A team of researchers claims to have new evidence that a toxin produced by a one-celled marine organism called Pfiesteria is responsible for massive fish die-offs on the East Coast of the United States. But the new studies, which include a rough sketch of the toxin, have failed to convince skeptics that this substance harms wild fish or people.
For 10 years, aquatic ecologist JoAnn Burkholder of North Carolina State University in Raleigh has argued that the dinoflagellate Pfiesteria has killed more than a billion fish in East Coast estuaries and has sickened lab workers and fishers with a potent neurotoxin. However, despite years of effort, the toxin has not been identified. This past summer, doubts escalated when researchers at the Virginia Institute of Marine Science (VIMS) in Gloucester Point and other universities reported in two top journals that they could not find a toxin, and that Pfiesteria can kill fish by feeding on them (Science, 11 October, p. 346).
Last week at the 10th International Conference on Harmful Algae in St. Petersburg, Florida, Burkholder argued that her critics had not established the right conditions for making Pfiesteria produce toxin. Her lab coaxed the strain of Pfiesteria shumwayae used in the VIMS experiments to kill fish much faster--in less than 4 hours, compared to the 24 to 48 hours reported by VIMS scientists. Collaborating chemists from the National Oceanic and Atmospheric Administration in Charleston, South Carolina, partially described a toxic chemical isolated from water containing the fish-killing Pfiesteria. It appears to be a glycoside, a molecule that's half sugar, half some other chemical group that hasn't been identified.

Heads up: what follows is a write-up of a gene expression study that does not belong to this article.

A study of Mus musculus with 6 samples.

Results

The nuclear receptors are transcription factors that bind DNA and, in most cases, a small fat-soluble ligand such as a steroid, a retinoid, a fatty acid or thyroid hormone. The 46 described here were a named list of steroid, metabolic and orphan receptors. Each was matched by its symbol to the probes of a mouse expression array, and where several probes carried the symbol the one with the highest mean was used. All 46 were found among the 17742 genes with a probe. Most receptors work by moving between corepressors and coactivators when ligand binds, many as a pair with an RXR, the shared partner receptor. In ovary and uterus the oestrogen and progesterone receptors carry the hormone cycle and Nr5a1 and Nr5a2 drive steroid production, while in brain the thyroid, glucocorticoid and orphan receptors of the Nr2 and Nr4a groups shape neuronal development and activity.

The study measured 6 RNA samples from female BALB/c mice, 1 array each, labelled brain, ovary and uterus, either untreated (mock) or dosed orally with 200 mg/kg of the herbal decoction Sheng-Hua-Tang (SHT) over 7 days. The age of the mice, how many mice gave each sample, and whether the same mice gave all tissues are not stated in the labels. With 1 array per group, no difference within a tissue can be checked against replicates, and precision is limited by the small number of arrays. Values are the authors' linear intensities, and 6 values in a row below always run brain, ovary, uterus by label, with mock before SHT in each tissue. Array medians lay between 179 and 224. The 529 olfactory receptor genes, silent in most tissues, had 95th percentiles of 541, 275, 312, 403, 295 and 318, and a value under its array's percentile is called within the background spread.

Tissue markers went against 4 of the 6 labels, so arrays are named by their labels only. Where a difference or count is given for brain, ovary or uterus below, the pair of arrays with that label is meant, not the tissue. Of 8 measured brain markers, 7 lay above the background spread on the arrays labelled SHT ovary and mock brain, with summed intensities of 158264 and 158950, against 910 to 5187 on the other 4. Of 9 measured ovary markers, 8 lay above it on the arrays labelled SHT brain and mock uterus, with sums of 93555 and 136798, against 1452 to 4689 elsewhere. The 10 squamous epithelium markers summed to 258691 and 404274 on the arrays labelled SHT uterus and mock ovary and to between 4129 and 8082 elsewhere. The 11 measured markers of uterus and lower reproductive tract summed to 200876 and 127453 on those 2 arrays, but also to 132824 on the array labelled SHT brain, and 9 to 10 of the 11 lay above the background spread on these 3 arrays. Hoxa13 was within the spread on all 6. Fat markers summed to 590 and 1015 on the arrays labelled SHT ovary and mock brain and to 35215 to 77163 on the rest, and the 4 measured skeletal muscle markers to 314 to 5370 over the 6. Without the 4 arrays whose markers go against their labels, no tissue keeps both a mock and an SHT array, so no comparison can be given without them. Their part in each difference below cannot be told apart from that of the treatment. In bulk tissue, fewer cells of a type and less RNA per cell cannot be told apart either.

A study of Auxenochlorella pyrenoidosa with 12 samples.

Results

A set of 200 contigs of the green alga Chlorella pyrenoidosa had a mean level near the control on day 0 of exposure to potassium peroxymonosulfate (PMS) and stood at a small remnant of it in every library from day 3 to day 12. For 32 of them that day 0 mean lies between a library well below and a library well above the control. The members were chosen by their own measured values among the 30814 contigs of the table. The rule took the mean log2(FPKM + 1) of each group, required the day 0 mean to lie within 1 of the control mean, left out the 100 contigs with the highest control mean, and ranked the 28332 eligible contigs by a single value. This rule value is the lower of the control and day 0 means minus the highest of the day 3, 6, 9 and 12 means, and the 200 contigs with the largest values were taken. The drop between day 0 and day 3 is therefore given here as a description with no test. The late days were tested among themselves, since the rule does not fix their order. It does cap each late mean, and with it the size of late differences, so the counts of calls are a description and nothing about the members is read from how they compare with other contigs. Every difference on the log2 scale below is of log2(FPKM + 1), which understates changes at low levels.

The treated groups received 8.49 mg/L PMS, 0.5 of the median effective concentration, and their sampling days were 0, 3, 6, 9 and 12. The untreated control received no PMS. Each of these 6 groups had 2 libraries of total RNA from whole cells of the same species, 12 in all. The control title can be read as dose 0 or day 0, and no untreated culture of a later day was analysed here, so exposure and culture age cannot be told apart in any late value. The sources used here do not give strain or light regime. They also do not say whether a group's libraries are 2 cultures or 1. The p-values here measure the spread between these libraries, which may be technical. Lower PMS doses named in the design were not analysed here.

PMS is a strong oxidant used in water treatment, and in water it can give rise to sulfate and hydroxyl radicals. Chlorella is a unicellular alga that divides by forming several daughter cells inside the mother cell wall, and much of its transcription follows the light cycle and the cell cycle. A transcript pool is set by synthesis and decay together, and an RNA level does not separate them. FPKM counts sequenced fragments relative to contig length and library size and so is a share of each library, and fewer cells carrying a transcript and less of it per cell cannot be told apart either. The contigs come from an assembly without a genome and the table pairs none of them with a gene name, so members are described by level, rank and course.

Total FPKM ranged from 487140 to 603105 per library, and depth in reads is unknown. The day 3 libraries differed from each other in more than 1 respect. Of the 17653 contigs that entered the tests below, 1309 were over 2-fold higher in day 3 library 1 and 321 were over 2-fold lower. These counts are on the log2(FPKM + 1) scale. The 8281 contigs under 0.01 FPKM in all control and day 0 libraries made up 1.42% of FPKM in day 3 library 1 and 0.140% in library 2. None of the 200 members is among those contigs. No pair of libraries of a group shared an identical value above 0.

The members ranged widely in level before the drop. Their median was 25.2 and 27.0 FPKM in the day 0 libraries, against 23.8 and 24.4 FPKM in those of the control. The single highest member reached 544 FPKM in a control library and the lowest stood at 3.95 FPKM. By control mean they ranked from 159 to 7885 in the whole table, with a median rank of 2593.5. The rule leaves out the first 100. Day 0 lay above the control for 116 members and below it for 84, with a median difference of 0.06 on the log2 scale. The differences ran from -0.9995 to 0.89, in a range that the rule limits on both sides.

Other algal toxin researchers remain skeptical. Wayne Carmichael of Wright State University in Ohio says that while some algal toxins are glycosides, this kind is unlikely to cause the neurotoxic effects reported in fish and humans. "It would not explain the range" of observations, he says. And VIMS fish pathologist Wolfgang Vogelbein points out that nobody has yet shown that this purified toxin produces the kind of sores he sees on fish physically attacked by Pfiesteria.
Burkholder's critics say that the solution to the debate is for other groups to test her toxic strains. But Burkholder, who has long been criticized for not sharing her strains, still seems reluctant. She noted at the meeting that the VIMS strain, which she says is toxic, is freely available and advised other scientists to follow her protocols for culturing the microbe.